Syrian farm production grows, but is still far from pre-war levels


Total wheat production now stands at 1.8m tonnes, or 12% more than last year’s record low, but it is still less than half of the pre-conflict 10-year average, according to two United Nations agencies that have been assessing the levels of production and food security in the country.

In their latest report, the Food and Agriculture Organisation and the World Food Programme have estimated that 6.9m Syrians are still food insecure, and an additional 5.6m would follow them without the regular monthly food assistance. 

"For some Syrian families, there is a small shaft of light in the darkness," said Adam Yao, acting FAO representative in Syria. "Despite the immense challenges, agriculture continues to provide food for the country.”

As the scale of conflict in Syria decreases following tentative ceasefires and victories by allied forces in Islamic State-controlled areas, more farmers are expected to gain access to their lands, Yao added. 

Jakob Kern, the WFP’s country director in Syria said more must be done to provide food for families affected by the conflicts, despite a “promising” improvement in the availability for produce.

Humanitarian organisations have better access to some besieged areas than they did last year, yet this continues to be heavily constrained in Deir-ez-Zor, where life-saving air-drops continue. 

In Ar-Raqqa the situation has become critical due to continued fighting. With many shops now destroyed, the cost of a standard food basket jumped by 42% between May and June.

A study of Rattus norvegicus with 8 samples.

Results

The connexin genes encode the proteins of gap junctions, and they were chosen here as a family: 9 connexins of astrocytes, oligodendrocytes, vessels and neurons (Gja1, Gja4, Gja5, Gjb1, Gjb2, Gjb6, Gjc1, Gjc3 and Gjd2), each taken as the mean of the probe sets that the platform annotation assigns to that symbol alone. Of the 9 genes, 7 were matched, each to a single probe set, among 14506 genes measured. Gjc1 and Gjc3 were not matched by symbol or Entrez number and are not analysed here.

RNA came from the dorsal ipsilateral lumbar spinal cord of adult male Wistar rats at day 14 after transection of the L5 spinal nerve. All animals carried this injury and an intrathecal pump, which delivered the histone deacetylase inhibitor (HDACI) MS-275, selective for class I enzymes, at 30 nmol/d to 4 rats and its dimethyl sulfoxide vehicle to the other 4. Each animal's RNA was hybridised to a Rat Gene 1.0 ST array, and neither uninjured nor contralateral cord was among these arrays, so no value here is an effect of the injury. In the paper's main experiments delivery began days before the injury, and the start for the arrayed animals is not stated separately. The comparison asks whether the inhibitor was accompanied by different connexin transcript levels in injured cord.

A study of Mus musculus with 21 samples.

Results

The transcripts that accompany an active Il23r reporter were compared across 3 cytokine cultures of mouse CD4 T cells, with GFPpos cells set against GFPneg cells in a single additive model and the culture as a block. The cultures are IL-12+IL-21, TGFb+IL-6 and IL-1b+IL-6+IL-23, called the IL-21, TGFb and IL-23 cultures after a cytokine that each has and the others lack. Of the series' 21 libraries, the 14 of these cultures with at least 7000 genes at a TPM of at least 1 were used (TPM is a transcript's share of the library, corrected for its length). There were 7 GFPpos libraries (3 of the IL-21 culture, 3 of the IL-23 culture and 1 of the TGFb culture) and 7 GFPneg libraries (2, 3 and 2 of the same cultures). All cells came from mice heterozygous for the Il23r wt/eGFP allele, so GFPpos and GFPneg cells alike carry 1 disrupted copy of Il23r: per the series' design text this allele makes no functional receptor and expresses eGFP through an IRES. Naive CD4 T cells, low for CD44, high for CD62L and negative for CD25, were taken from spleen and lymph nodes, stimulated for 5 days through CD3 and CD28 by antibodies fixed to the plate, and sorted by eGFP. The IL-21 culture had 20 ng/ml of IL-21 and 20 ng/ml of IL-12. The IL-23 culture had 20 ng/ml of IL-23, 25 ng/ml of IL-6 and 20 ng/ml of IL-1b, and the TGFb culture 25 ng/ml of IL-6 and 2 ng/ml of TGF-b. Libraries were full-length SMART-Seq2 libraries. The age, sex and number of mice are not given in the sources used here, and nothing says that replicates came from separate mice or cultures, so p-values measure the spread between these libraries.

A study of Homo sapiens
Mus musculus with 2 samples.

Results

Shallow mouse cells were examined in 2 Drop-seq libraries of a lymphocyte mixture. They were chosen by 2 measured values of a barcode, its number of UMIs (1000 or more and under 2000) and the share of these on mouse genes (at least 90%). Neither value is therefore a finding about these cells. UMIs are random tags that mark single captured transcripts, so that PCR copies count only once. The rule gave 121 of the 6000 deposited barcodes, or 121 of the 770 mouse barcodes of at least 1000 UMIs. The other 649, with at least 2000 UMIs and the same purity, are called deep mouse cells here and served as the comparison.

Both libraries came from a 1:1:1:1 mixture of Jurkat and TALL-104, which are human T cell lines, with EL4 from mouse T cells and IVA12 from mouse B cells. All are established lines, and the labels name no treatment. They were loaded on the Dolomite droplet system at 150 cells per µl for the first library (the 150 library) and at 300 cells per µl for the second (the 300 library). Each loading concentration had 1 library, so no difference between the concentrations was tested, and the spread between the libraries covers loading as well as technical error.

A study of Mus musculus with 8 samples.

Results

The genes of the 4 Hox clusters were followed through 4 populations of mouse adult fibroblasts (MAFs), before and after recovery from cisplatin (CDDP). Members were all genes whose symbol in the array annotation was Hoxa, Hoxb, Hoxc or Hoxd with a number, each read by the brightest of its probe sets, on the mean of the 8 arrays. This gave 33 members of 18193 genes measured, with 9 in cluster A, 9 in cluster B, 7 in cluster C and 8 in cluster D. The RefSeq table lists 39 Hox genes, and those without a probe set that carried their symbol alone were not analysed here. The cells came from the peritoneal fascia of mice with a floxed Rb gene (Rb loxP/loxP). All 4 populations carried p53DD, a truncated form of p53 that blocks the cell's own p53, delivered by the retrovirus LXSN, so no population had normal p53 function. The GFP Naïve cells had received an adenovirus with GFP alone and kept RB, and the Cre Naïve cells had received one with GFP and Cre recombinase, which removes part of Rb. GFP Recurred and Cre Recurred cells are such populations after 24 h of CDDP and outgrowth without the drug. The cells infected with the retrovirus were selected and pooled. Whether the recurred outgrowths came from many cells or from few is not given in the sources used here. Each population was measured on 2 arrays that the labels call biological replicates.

High cost or unavailability of seeds and fertiliser, and the destruction of infrastructure for irrigation and storage, continue to be among the main agricultural constraints.

More positively, wheat and barley production has improved slightly compared to last year due to better rainfall in the Euphrates watershed and improved access to some agricultural lands. 

Pasture conditions have improved and will partially ease pressure from high fodder prices, and herd sizes have stabilised albeit at a very low level. However, the area suffers from insufficient veterinary coverage and limited access to grazing areas in war-torn parts of the country. 

Gradual improvements in security and the opening of some key supply routes have allowed trade to slowly recover and urban markets to function in several parts of the country. 

In parts of eastern Aleppo where the entire infrastructure and markets have been heavily destroyed, recovery has started at a very slow pace. 

Across the country, food prices continue to be close to record highs, with the exception of the governorates of Deir-ez-Zor, Al-Hasakeh and Rural Damascus.